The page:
Golfer's Elbow Explained

Golfer`s elbow


Some symptoms of golfer's elbow include:

  • Stiffness of the elbow. You may feel pain when you clench your fist.

  • Weakness of the hands and wrist

  • Numbness or tingling in the fingers

  • Pain and tenderness of the inner side of the elbow.

These symptoms may worsen with certain movements involved with swinging a golf club or racket, shaking hands, lifting weights, turning a doorknob, flexing the wrist, squeezing an item, or picking something up.


Golfer's elbow develops when one damages the tendons and muscles that control that fingers and wrist. The damage worsens over repeated stress and exercise of the muscles and tendons. The motion of throwing or hitting, improper lifting, or inadequate warm-ups can also play a contributing factor to golfer's elbow.

Certain sports such as golf, racket sports, throwing sports, and weight training can lead to golfer's elbow due to the stress on the arms. However, any activity that involves repeated bending and straightening of the elbow can lead to golfer's elbow.

Some non-athletic activities that increases the chances for golfer's elbow include using a computer, cooking, hammering, raking, chopping wood, painting, and doing assembly-line work. Furthermore, there are certain factors other than repeated and extensive use of the arm muscle and tendons such being a smoker, being over the age of 40, and being obese.

If this condition is not treated, this minor elbow pain can lead to chronic elbow pain, a lasting contracture of the elbow, and a limited range of motion of the elbow. To avoid developing a golfer's elbow, you should strengthen your forearm muscles, have appropriate form when playing in a sport, stretch before any physical activity, lifting properly, and know your body's limit.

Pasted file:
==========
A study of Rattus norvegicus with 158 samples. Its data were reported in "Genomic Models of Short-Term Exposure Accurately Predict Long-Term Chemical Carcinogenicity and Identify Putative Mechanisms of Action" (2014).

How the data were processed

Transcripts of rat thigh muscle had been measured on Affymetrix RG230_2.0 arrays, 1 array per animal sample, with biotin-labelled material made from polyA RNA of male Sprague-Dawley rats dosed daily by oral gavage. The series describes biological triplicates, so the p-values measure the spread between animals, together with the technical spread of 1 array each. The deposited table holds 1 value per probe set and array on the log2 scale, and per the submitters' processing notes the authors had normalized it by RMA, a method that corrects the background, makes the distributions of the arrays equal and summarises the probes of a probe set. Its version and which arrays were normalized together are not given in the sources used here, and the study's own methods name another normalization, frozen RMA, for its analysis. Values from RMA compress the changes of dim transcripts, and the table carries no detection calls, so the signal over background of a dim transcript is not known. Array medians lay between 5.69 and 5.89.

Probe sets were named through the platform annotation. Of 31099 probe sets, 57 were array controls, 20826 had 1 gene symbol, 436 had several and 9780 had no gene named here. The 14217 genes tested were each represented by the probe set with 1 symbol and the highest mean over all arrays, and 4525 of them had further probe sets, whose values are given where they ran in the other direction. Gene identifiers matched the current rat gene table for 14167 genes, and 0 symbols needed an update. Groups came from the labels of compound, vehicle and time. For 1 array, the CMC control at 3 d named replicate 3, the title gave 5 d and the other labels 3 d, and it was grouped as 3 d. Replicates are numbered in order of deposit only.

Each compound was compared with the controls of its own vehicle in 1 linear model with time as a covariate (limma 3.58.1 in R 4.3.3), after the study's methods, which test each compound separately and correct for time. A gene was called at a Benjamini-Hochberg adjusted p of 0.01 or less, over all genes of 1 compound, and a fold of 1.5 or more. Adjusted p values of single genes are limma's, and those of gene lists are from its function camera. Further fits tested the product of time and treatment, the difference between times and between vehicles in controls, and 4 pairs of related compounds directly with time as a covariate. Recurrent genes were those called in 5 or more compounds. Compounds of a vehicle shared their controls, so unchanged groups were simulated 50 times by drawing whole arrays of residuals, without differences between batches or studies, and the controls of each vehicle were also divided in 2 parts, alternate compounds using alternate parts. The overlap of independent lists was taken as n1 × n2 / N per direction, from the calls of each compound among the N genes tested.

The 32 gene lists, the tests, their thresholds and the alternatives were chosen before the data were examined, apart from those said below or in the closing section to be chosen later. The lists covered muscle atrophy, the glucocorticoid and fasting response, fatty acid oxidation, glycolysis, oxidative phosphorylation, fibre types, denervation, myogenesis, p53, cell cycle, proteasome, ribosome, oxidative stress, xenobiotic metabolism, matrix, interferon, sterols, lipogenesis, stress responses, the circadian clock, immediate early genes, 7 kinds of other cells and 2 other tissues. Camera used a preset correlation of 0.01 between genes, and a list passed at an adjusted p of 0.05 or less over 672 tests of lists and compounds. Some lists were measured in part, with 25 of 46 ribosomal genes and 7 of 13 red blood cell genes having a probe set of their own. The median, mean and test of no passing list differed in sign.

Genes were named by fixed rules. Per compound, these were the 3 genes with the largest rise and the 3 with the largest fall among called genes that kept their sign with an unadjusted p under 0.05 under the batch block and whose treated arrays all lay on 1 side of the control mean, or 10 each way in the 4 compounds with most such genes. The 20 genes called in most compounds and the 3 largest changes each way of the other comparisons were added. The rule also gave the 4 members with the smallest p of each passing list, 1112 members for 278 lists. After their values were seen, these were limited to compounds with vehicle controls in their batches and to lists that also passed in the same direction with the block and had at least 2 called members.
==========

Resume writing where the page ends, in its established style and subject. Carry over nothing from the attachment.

Diagnosing a golfer's elbow is simple. A doctor usually looks into your medical history and conduct a simple physical exam. To measure the stiffness and pain, the doctor would apply pressure on the pained area and request you to move the fingers, wrist, and elbow in multiple positions. An x-ray may also be used to eliminate other causes of elbow pain, such as arthritis or a fracture. In very rare occasions, more comprehensive imaging studies may be performed. An example would be an MRI.


Early detection and treatment is key for a good recovery. Some at home treatments include:

  • icing the affected area

  • taking over the counter pain relievers (such as ibuprofen, naproxen sodium, or acetaminophen)

  • resting

  • wearing a brace for muscle support

  • reducing the stress of the elbow tendons by wearing a splint or elastic bandage

  • stretching and strengthening the elbow through physical or occupational therapy.

Very rarely, a surgery would be required if the symptoms of golfer's elbow do not go away within 6 or 12 months. This surgical procedure removes the scar tissue in the region of tendon pain through ultrasound. Another treatment for golfer's elbow is corticosteroid injections. However, this is not an effective long-term treatment. Usually, many of those with golfer's elbow experience relief with a simple combination of rest, pain relievers, and ice packs.